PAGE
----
Angela Brown, project director for BCPS's TIF-funded Leading Excellence and Achievement in Performance (LEAP) project, shared insights into the district's concerted efforts to implement cultural competency professional learning. BCPS, a TIF4 and TIF5 grantee, is the largest fully accredited K-12 school district in the nation, serving 268,836 students by 14,088 educators in 339 schools.
LEAP efforts have targeted 32 high-need schools in the district, which prompted the district's decision to focus on cultural competency. Angela explained, "Because we serve so many families who fall below the poverty line, which ranges from 78 percent to 100 percent in the identified 35 schools for TIF 5, it is imperative that teachers are properly trained and equipped to recognize their own biases, account for cultural diversity in the classroom, and employ effective teaching strategies and methods that will reach all students."
Through LEAP's cultural competency professional learning opportunities, BCPS aims to support teachers, coaches, and administrators in providing equitable learning opportunities for all students, particularly those who live in poverty. Angela said these cultural competency professional learning opportunities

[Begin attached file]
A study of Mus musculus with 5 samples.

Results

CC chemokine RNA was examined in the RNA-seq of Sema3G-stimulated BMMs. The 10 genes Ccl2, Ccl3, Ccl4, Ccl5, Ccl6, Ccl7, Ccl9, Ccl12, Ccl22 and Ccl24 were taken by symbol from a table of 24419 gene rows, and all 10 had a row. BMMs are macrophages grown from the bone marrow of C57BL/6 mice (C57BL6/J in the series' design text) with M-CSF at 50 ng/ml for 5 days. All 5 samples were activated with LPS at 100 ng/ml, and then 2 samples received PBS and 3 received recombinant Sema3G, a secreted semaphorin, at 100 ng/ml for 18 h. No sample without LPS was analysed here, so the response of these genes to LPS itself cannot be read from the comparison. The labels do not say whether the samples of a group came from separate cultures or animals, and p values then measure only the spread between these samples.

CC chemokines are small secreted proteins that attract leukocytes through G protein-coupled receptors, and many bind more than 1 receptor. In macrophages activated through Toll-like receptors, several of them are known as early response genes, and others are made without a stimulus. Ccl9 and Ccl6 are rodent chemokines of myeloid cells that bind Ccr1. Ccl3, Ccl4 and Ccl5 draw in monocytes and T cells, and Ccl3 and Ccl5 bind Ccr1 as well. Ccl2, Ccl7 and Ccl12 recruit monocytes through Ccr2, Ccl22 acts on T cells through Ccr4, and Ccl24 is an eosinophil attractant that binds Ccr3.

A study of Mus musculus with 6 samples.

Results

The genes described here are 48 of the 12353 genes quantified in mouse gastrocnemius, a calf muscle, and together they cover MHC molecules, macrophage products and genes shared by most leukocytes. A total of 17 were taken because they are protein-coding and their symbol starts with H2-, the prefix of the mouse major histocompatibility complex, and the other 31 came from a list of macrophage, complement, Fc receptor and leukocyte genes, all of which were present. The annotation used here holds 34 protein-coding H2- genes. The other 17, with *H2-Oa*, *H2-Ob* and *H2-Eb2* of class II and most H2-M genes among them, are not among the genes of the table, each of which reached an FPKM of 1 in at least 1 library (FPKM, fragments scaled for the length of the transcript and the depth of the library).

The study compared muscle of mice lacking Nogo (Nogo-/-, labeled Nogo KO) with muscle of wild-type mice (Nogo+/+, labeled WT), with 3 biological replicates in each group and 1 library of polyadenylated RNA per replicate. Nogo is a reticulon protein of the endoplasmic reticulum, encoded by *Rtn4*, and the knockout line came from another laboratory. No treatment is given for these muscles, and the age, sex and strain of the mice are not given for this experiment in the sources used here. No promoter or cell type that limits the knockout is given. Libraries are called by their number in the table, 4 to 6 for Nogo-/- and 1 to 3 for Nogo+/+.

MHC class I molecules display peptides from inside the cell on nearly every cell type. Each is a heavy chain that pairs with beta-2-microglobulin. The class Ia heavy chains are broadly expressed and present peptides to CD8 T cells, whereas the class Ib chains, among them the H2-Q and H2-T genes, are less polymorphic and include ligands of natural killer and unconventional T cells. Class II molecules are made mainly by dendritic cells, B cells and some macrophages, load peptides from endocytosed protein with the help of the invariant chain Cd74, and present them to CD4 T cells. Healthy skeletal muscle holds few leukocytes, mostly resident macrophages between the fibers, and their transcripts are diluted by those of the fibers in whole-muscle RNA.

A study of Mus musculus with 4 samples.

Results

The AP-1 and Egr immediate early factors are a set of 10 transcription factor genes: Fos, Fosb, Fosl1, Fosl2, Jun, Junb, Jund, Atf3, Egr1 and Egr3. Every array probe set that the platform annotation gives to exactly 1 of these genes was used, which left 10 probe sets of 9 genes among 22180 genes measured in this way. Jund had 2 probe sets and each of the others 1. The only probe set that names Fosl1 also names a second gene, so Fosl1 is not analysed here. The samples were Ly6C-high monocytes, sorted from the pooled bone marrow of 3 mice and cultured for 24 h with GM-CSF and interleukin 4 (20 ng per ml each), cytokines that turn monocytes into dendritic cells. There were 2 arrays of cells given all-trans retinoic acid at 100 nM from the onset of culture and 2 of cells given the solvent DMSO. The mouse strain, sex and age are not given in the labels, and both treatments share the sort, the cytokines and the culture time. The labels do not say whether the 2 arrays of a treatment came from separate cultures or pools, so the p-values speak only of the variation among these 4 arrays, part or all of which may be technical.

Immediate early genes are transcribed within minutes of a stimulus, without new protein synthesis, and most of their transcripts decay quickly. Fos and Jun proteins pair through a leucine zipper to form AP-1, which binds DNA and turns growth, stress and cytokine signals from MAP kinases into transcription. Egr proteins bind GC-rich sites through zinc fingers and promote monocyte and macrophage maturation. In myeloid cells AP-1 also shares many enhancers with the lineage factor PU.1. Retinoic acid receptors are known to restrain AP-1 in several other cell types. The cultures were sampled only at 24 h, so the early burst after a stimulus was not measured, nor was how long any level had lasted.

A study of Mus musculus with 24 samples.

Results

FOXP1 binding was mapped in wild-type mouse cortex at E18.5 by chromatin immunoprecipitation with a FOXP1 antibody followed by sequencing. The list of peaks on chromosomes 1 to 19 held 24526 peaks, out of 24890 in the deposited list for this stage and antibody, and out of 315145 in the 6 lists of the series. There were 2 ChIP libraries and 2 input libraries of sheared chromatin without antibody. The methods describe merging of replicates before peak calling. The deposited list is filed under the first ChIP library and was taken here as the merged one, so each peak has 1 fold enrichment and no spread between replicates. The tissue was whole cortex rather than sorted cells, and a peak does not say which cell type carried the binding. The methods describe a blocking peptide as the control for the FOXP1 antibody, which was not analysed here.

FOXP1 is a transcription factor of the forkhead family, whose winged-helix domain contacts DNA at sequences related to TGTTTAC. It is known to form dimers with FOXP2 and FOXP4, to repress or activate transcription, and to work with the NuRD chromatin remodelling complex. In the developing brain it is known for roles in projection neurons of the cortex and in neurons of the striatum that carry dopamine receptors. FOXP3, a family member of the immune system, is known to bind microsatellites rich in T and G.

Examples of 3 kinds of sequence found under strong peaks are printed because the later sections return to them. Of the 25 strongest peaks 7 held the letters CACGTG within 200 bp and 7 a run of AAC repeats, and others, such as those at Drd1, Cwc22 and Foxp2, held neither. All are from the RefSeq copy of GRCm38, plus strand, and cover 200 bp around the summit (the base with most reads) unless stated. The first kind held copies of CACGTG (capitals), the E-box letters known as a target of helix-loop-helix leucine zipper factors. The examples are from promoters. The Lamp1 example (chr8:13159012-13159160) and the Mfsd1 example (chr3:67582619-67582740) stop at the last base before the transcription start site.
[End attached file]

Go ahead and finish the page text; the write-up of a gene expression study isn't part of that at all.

- encourage introspective reflection surrounding current pedagogical practice, cultural bias, etc.;
- challenge educators' traditional classroom practices that often silence or marginalize groups of students;
- introduce equity pedagogy and an inclusion model of working with diverse learners;
- provide practical techniques and strategies for classroom teachers and administrators to effectively teach in multicultural settings; and
- offer practical techniques for educators to promote the success of all students through active engagement and case study models.
Implementing cultural competency professional learning for educators in BCPS has not been without challenges. Angela described barriers like educator uneasiness with including critical topics such as racism and discrimination in the classroom, their fear of backlash from parents or administrators, and lack of training on how to facilitate conversations around these topics in the classroom. Her advice for combatting these issues? Focus on offering ongoing professional learning opportunities that provide practical examples of how cultural competency can be achieved, rather than one-and-done training that just tells educators what needs to be done.
Angela emphasized, "Teachers should feel supported, and not judged, through the process. Critical dialogue should be encouraged where participants are invited to speak openly, respectfully and honestly about the topics being introduced."